Is “faithful history” required to be accurate? Is it better if there is an effort to improve the facts by adding details drawn from the writer’s imagination? Is it our responsibility to be faithful to the truth or to promote faith? Because a “faithful history” could be either of those.
As an example, the sacrifices of those who built the Kirtland Temple were a living testimony of their conversion to the restored Gospel. They literally suffered to build the Temple. They endured poverty to make it possible for the building to be completed. Some went without food, because they were not always paid for their labors. Their heroism is beyond question.
For some reason, however, we aren’t willing to retell their great sacrifices without fanciful embellishment. We insist on improving the story by adding a fake overlay about the women donating their best china to be ground up and put into the exterior plaster. LDS Church History researcher, employed by the Church History Department, Mark Staker researched the topic and found the story of the women donating china originated in the 1930’s. The story was such good fodder for “faith promotion” that it soon found its way into official versions of Kirtland history.
There was china ground up into the exterior plaster, but it came from a community dump where such things were discarded. Kirtland, like all other communities, had a broken china dump from which the children retrieved scraps to use in the building process.
When the truth of the sacrifices are then overlain with a fictional story about the best china sacrifices/donations, we run the risk of having our members find out about the exaggeration later. Then upon learning this “faithful history” is nothing more than “faith promoting fiction” we risk having them disbelieve everything about the church’s history. What is true and what is exaggeration? What is left of the stories we retell? If we’ll add this fake account of the sacrifices, does that mean there really weren’t sacrifices made?
We invite the crisis of faith when we turn from “faithful retelling” and offer “faith promoting fiction” as our Sunday School fare. We could get away with that once. We can’t now.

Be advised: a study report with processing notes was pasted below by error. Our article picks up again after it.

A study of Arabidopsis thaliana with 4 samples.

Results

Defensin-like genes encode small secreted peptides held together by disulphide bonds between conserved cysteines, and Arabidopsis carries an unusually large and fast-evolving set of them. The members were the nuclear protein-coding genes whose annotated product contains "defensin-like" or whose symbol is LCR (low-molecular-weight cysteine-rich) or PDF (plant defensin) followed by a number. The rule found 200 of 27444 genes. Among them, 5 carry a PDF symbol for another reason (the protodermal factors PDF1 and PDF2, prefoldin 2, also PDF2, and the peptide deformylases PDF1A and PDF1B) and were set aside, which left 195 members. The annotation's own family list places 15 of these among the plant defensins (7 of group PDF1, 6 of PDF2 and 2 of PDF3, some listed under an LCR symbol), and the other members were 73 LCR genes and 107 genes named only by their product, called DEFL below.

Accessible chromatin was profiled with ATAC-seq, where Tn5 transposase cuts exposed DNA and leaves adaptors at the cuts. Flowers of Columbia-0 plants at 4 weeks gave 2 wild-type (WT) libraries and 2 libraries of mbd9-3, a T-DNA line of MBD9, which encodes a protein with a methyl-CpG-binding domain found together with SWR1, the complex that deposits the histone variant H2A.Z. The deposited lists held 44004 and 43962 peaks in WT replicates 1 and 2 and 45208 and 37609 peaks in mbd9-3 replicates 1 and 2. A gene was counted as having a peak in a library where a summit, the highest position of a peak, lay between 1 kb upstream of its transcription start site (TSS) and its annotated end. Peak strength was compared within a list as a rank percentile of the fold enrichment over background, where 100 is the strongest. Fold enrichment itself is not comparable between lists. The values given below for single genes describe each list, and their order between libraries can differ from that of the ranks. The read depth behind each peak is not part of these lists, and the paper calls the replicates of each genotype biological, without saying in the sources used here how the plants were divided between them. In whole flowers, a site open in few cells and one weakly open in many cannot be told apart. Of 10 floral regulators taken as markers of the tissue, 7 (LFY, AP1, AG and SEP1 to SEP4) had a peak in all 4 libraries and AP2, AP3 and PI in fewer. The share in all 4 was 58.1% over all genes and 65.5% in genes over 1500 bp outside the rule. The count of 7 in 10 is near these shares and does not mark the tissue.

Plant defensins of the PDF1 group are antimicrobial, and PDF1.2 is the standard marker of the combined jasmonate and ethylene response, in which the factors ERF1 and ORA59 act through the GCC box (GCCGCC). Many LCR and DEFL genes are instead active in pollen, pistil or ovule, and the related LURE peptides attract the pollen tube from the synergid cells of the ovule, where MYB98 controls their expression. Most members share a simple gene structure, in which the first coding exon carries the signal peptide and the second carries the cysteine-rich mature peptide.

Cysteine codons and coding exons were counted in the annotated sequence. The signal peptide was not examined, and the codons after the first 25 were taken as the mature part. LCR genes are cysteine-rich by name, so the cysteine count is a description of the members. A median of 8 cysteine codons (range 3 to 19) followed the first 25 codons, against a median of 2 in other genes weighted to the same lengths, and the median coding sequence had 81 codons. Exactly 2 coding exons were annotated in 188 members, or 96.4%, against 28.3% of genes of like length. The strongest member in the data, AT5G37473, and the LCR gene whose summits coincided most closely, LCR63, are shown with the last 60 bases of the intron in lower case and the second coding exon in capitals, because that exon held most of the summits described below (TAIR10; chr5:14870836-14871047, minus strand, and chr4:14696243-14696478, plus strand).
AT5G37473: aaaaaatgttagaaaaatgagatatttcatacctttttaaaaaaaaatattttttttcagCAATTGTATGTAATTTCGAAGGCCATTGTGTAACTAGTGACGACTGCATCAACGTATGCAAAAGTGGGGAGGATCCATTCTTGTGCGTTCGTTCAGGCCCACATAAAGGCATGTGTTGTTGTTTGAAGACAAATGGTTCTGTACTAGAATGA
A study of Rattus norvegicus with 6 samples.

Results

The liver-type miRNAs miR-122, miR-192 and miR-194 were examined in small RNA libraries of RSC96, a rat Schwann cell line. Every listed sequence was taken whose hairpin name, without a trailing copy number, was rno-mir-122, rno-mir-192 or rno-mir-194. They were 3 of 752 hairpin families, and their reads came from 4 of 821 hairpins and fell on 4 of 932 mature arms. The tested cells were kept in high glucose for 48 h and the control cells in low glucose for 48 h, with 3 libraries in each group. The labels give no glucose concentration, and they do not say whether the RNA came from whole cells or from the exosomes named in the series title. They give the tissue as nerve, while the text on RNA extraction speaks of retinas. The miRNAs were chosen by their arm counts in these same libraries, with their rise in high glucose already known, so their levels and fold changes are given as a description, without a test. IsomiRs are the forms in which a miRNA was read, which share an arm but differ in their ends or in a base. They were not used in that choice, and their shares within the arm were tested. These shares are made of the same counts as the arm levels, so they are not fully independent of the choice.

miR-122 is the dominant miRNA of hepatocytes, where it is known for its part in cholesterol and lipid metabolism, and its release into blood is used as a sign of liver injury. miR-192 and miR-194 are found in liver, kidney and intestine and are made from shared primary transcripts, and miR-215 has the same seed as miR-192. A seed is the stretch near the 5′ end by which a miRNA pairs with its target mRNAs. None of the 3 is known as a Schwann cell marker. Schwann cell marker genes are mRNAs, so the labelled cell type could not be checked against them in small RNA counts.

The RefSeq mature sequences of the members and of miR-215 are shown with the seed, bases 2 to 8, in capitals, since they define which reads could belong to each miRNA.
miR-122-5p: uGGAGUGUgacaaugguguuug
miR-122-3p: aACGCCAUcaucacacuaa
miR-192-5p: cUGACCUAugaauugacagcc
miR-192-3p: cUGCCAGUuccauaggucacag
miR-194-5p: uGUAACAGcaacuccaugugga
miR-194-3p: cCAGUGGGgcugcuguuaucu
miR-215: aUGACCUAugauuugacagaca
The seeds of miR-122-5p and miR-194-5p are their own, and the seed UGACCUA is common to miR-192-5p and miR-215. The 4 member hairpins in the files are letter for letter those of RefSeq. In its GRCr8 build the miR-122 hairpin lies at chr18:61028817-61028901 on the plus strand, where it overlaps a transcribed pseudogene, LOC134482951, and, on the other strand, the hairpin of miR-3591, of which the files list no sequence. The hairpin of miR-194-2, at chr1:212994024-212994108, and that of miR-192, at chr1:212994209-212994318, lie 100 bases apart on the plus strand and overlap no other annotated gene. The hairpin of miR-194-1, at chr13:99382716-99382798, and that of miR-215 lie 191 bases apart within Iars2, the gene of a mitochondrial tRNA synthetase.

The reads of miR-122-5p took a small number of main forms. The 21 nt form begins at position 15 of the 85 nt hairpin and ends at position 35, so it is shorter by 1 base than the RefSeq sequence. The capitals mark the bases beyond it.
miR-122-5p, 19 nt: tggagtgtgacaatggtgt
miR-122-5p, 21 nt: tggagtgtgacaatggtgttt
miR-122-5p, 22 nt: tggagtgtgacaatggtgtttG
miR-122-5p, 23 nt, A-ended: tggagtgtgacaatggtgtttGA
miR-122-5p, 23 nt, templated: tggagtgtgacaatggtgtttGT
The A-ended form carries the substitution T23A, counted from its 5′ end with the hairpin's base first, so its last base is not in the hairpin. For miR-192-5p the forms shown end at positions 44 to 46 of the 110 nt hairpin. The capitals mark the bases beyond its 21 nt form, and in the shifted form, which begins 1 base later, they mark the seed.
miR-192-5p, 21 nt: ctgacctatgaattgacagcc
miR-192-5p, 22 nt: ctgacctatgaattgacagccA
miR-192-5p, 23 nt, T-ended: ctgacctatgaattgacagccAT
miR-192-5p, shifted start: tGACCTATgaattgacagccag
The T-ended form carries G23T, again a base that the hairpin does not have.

Similarly, a recently converted Willard Richards visited Kirtland after the Temple had been built. He observed this about the city: “Sectarians build their own houses first, then, if ever, a house for their Gods. The Latter Day Saints first build the Lord a house & now he is giving them an opportunity to build their own dwellings.” (Willard Richards letter to his sister Jan. 30, 1837.) This was the example in Kirtland. It was not repeated in Nauvoo, where the brick mansions we have restored today bear testimony to the priority change from Kirtland to Nauvoo. In Nauvoo the brick mansions were all built and completed before the Temple was completed. Indeed, there were no more mansions being built (because the city was then abandoned) while the Temple was being completed. The Nauvoo Temple attic was used from November 1845-February 1846 by Brigham Young and the Twelve to perform ordinances in the incomplete Temple. The first wave of refugees left in February, the day following the last endowment rites performed in the unfinished structure. The Temple was not considered complete enough to dedicate until April of 1846, but even then was not finished. A year following the dedication a Palmyra newspaper editor visited the building in 1847 and remarked on its incomplete condition. He speculated about how grand it might have been had it ever been completed.
We have a tendency to “know” what we want to have other people believe or conclude. Then we adapt our story to support our conclusion. That is not history. It is an approach that invites us to tell faith promoting but unfaithful history. We ought to confine ourselves to a faithful retelling. No matter how poorly that reflects on our history, it reflects credit upon us.